Oragan Transplants Essay, Research Paper
Now you have to realize that we are in a no win situation with the issue of organ transplants. It isn t fair, and there is no way we can make it completely fair until there are enough organs available to satisfy the demand for them. Some people are just not going to receive a transplant, and there is nothing we can do about that right now. Dividing people into three classifications, and listing them according to that, will maximize the efficiency by which we distribute our limited supply of organs, and minimize the loses we are incurring because of the organ shortage.
Some would say this system is not fair to the people on the secondary and tertiary lists, because if the primary list is big enough to use all of the available organs, then the people on the other lists will most likely die. Well, people are dying anyway while waiting for organs, and yes it is unfair that people have to die, but it is even more unfair when somebody dies who needs a new liver through no fault of their own, and an alcoholic who has boozed their life away, takes that liver and lives. Who in their sober right mind would call that fair?
Who has the right to judge which people die or not? You and I are not some god-like figure, so we don t have the right to do that. I would completely agree with these critics about nobody have the right to judge other people, but these lists are not judging anybody. By choosing to participate in certain activities, or not, people are ultimately deciding their own placement on these lists. They aren t be judged by anybody, just categorized by their lifestyles. In other words, people would simply be taking responsibility for their actions. If one chooses to get consume large amounts of alcoholic beverages every night until they need a new liver, then that is their own choice, and they should pay the consequences for it. If it means death, so be it. They had their chance with life, and they chose to drink it away. Next please. Why should they be offered a second chance when they blew their first one, and would be taking away from somebody else? People who have a disease they are born with have no control over their unfortunate situation, and therefore there is no reason why they shouldn t be given a shot at life, just like everybody else. That is fair.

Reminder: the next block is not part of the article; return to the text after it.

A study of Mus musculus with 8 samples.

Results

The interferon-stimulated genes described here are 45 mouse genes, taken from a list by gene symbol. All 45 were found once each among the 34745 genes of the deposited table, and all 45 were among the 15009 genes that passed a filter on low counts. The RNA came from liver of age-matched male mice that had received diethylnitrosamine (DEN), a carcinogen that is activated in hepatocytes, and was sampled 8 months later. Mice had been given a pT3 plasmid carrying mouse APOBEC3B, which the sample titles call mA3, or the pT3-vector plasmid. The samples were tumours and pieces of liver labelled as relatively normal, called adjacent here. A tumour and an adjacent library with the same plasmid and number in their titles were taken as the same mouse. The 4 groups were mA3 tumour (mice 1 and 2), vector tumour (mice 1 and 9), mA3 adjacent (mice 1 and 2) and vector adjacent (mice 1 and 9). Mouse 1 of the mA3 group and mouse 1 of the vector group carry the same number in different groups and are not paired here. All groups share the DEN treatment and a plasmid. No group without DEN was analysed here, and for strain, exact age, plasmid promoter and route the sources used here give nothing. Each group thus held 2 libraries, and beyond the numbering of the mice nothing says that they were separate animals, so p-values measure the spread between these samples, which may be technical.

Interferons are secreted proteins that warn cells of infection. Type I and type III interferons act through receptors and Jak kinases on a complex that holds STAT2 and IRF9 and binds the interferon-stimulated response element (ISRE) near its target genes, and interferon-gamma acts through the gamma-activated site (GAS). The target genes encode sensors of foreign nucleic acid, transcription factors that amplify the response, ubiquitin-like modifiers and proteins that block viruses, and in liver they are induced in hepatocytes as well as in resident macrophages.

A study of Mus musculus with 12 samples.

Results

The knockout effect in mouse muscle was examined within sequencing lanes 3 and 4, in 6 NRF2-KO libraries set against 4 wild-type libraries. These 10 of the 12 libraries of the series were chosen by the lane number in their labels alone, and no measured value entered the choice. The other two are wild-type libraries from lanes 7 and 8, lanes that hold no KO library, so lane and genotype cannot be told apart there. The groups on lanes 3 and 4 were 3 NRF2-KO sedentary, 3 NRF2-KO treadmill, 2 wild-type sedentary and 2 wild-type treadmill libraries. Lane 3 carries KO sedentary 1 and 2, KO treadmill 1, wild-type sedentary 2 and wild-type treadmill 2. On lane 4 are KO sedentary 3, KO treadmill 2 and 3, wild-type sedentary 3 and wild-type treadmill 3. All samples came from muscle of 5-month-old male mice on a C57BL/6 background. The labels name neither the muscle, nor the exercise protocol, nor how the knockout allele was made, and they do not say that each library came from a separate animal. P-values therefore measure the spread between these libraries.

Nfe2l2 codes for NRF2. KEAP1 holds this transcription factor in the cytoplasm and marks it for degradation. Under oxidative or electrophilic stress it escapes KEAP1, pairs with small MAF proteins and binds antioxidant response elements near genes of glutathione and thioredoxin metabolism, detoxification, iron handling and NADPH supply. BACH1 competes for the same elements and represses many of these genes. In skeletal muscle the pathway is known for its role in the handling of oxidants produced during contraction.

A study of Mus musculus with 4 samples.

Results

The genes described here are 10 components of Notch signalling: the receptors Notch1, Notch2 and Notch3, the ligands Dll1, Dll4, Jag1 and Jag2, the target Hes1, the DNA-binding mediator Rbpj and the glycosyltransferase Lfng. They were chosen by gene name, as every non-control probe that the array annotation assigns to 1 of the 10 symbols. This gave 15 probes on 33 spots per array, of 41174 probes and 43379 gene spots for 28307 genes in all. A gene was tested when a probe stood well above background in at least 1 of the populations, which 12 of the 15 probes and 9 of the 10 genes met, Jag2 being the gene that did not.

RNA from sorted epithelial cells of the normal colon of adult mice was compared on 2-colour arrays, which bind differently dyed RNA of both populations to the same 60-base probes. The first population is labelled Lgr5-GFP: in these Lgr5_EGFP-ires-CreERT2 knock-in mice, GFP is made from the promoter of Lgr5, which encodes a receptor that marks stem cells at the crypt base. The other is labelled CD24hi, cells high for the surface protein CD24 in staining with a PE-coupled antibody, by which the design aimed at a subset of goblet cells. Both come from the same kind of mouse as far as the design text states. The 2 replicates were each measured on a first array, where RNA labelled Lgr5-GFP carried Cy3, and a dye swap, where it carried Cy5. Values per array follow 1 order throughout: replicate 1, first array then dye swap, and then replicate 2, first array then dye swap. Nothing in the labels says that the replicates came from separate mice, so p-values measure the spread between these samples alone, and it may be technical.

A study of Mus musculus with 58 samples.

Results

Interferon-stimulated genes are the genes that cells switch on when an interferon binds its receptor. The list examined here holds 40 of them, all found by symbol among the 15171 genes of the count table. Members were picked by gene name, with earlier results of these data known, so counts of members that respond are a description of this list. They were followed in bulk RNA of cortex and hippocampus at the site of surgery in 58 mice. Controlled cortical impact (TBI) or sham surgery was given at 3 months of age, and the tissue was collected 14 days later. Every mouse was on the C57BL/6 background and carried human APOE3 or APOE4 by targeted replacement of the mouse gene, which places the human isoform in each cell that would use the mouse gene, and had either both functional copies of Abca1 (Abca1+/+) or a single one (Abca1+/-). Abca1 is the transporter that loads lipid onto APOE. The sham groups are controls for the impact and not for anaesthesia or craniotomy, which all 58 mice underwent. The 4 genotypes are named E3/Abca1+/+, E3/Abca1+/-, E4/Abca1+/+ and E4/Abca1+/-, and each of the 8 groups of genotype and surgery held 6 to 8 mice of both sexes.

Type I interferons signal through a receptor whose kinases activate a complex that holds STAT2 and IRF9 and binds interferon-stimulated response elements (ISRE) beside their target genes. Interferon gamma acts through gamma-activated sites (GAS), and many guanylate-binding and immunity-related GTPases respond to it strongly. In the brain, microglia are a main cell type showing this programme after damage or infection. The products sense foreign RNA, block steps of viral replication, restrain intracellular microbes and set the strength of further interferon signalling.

Some could also feel that these lists would be racist or discriminate against poor people, because wealthier white people would be able to pay a good attorney to keep them out of prison, or pay for rehab, etc. Our current system already favors wealthier citizens, perhaps even more than the lists would. We have to place faith in our justice system, and hope that the guilty will be convicted; regardless of how much money they have in the bank. There would be no racism involved in the lists at all. Where would a white have an advantage over a black, or a black over a white? None of the qualifications for a certain classification have anything to do with skin color.
These concerns would simply not be an issue if organs were in sufficient supply. The only true solution to the problem is to increase the supply of organs. People need to be educated about the proper procedure for organ donation, and need to be clued-up on the fact that organs are in such high demand, and that there are not enough to go around. For example, some people don t know that you have to alert your next of kin to your wishes about donation, and as a result, a lot of potential donors don t end up donating. There has also been talk of some sort of financial incentive, maybe in the form a funeral credit, to help encourage donation.
Our current system of organ distribution is inefficient, and can be changed to make things more effective by implementing what I call The three list policy . People would be classified into one of three lists; primary, secondary, and tertiary. The secondary list would include people who need a transplant through some fault of their own (such as alcohol or drug abuse), and people who will be bed ridden after their transplant couldn t continue with their normal life functions. The tertiary list should include people who have been convicted and sentenced to life in prison, and those who have a terminally ill disease, such as some forms of cancer, or HIV/AIDS. This leaves everybody else on the primary list, which is the first list to be looked at, and satisfied. Once all the people on the primary list receive their organs the secondary list can be looked at, and so on. This ensures that the organs are being utilized to their maximum potential.
With medical advances, people can be kept alive longer while waiting for a transplant. Organs are better matched to recipients and new techniques and drugs make rejection less of a concern than in the past. The waiting list for organs is only going to keep growing, and we need to do something about it, or watch our fellow Americans die while waiting for organs. People need to be educated about donation, incentives to donate should be offered, and the three list system can help maximize the distribution of organs until the supply meets the demand. We, as a big family, need to pull together to help solve this problem, even though it may seem impossible. As Christopher Reeve says, America has a tradition that many nations probably envy. We frequently achieve the impossible. But that’s part of our national character. That’s what got us from one coast to another. That’s what got us the largest economy in the world. That’s what got us to the moon. And that is what will help us conquer the organ shortage.